The Treasury Department, on Oct. 26, released a report that examines the current regulatory framework for the asset management and insurance industries, making recommendations to ensure the regulatory framework is aligned with the Trump administration’s ‘Core principles for financial regulation.”

It is the third in a series of reports Treasury will prepare for the White House.

The latest evaluation focuses on four key areas: the proper evaluation of systemic risk, ensuring effective regulation and government processes, rationalizing international engagement, and promoting economic growth and informed choices.

“The regulatory framework for both the asset management and insurance industries can be significantly improved,” Treasury Secretary Steven Mnuchin said in a statement. “We are recommending more efficient and effective regulation to give consumers access to the products they need while providing individuals with opportunities to save for retirement.”

Treasury, in the report, calls for improving evaluations related to systemic risk. “The Financial Crisis led to questions about how to address financial stability and create a regulatory framework to mitigate systemic risk,” the report says. “Asset management firms and insurance companies have been evaluated for systemic risk and subjected to some enhanced regulatory standards. Yet, both have legal, structural, and operational characteristics that make them different than banks.”

“Entity-based systemic risk evaluations of asset managers or their funds, or insurance companies are generally not the best approach for mitigating risks arising from the asset management or insurance industries,” it adds. “Instead, primary federal and state regulators should focus on potential systemic risks arising from products and activities, and on implementing regulations that strengthen the asset management and insurance industries as a whole.”

The report opines that “a strong liquidity risk management framework is more effective approach to addressing liquidity risk than stress testing of asset management firms,” and that “state insurance regulators and the Federal Reserve should harmonize their respective ongoing domestic work on insurance capital initiatives, as well as continue their efforts to assess liquidity risk management in the insurance sector.”

Treasury identifies numerous ways to improve the regulatory framework for asset managers and insurance companies, including:

Supporting activities-based evaluations of systemic risk in the asset management and insurance industries;

Improving coordination between the Federal Insurance Office and state insurance regulators;

Continuing engagement in international forums to promote the U.S. asset management and insurance industries and the U.S. regulatory framework;

Increasing transparency of the international standard-setting processes;

Promoting strong liquidity risk management programs for asset managers and insurance companies;

Modernizing fund shareholder reports to permit the use of implied consent for electronic disclosures;

Promoting infrastructure investment by insurers through appropriately calibrated capital requirements.

Additionally, Treasury suggested areas to improve the efficiency of regulations and government processes, including:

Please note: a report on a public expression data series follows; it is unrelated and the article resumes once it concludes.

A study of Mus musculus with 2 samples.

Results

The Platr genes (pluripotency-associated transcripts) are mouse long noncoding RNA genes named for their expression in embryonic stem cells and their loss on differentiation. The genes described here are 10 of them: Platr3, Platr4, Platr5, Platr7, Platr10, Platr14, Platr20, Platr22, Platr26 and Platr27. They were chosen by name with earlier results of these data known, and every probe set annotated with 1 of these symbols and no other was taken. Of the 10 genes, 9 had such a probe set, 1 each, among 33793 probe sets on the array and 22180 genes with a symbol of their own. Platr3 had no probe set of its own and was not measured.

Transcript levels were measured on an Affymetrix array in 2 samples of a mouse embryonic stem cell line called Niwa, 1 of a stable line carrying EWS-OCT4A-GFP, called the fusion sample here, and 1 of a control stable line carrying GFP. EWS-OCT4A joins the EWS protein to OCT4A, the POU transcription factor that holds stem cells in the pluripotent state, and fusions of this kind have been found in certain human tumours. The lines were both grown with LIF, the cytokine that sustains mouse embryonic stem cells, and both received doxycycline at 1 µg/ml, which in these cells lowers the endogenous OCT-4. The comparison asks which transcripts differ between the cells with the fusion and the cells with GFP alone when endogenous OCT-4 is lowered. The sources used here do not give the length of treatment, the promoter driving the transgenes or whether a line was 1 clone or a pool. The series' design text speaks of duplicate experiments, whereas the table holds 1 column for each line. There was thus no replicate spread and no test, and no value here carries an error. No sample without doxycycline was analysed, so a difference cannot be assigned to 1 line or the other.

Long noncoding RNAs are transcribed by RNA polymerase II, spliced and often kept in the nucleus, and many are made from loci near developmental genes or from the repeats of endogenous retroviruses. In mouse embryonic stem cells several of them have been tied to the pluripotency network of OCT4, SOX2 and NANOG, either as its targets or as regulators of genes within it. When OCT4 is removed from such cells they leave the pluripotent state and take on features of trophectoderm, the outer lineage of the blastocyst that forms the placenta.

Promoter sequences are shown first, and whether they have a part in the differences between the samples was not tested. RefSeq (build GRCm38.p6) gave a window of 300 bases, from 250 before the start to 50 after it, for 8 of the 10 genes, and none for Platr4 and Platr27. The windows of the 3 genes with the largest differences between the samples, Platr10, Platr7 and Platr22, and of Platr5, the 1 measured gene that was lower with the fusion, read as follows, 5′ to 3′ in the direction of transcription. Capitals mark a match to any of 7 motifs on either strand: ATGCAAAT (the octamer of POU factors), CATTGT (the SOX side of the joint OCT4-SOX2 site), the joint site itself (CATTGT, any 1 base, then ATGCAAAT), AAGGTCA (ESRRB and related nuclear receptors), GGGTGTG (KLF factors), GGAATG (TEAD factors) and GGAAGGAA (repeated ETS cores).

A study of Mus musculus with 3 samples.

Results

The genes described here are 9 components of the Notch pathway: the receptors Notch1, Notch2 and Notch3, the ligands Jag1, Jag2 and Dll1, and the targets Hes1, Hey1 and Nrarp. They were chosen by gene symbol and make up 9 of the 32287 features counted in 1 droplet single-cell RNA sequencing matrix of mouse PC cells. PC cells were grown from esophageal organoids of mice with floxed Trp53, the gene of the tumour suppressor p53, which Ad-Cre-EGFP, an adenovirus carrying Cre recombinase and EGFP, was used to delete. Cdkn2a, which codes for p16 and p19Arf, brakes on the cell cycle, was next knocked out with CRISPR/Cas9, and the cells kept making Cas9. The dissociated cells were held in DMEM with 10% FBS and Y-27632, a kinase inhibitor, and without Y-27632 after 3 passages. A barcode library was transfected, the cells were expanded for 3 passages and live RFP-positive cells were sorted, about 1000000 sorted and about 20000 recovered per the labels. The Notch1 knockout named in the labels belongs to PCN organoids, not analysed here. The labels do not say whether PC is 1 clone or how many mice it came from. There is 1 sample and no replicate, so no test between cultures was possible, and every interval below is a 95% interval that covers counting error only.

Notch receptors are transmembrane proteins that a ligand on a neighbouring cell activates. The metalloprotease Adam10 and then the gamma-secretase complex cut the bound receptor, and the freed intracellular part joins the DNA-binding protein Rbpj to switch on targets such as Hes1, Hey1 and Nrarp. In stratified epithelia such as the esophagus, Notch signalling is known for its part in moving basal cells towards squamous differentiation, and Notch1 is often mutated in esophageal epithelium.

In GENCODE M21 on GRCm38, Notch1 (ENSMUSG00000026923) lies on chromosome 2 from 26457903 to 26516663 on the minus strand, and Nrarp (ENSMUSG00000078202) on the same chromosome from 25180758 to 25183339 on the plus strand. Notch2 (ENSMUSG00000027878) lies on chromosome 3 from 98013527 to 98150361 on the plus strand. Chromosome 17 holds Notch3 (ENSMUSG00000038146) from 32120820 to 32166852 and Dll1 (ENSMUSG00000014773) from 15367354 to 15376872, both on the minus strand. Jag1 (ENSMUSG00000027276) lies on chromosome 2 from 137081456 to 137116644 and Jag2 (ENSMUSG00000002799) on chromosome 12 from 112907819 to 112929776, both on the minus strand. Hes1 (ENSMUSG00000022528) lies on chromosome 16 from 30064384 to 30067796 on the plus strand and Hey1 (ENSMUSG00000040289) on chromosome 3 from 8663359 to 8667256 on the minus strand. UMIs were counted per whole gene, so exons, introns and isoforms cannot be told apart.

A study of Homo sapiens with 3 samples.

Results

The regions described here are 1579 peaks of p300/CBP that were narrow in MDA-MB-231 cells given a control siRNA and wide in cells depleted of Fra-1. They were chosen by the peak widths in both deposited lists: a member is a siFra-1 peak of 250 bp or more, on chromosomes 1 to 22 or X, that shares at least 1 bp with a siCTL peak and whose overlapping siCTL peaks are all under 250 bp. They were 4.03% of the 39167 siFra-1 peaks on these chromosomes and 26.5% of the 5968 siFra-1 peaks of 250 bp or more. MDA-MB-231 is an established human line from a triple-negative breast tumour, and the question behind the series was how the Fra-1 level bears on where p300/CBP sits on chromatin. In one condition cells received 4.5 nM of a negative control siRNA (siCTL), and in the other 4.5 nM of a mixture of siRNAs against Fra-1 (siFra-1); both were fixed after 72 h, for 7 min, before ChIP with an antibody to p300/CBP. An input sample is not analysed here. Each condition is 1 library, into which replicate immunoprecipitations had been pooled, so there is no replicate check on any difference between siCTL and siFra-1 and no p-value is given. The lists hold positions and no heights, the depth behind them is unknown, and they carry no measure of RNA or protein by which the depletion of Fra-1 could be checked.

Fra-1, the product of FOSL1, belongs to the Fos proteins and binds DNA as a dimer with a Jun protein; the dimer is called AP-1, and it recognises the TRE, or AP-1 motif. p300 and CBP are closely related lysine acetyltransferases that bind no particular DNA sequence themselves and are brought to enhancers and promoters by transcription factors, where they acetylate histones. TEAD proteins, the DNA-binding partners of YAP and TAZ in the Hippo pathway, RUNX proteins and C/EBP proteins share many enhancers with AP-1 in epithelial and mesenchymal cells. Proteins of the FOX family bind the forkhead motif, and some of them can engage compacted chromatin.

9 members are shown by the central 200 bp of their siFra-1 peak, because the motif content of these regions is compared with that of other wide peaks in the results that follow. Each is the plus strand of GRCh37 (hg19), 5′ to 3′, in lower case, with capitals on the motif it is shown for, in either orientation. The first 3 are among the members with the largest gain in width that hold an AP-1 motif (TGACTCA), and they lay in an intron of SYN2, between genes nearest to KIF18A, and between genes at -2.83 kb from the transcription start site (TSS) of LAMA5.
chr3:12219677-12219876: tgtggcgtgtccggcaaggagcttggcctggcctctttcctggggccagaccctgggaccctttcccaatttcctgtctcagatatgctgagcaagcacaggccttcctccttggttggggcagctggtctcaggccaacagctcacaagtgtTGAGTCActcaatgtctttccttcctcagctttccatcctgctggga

Adopting a principles-based approach to liquidity risk management rulemaking for registered investment companies;

Moving forward with a rule for the approval of "plain vanilla" exchange-traded funds;

Realigning the role of the Federal Insurance Office around five pillars of focus, and improving its coordination with state insurance regulators and transparency with the insurance industry;

Reducing duplicative and inefficient oversight of savings and loan holding companies that own insurance companies, by improving coordination and collaboration between the Board of Governors of the Federal Reserve System and state insurance regulators; and

Adopting uniform state data security standards and breach notification requirements based of the National Association of Insurance Commissioners' Insurance Data Security Model Law.

Additional recommendations include:

Amending rules to avoid dual registration requirements for investment companies;

Increasing consumer choice by allowing annuities as investment options for employer-sponsored retirement plans;

Supporting legislative action to eliminate the statutory stress testing requirement for investment advisers and investment companies;

Convening a federal agency-wide task force to focus on policies related to long-term care insurance;

Reconsidering the Department of Housing and Urban Development's disparate impact rule and its impact on the availability of insurance;

Coordinating insurance regulations to reduce or eliminate inconsistencies between existing data calls on terrorism risk insurance; and

Improving information sharing within the insurance industry.

“The Department of Labor should re-examine the implications of the Fiduciary Rule, and delay the full implementation of the rule until the relevant issues are evaluated and addressed to best serve retirement investors,” the report adds. “The Securities and Exchange Commission, the DOL, and the states to work together to implement a regulatory framework appropriately tailored to both preserve investor choice and protect retirement investors in an efficient and effective manner.”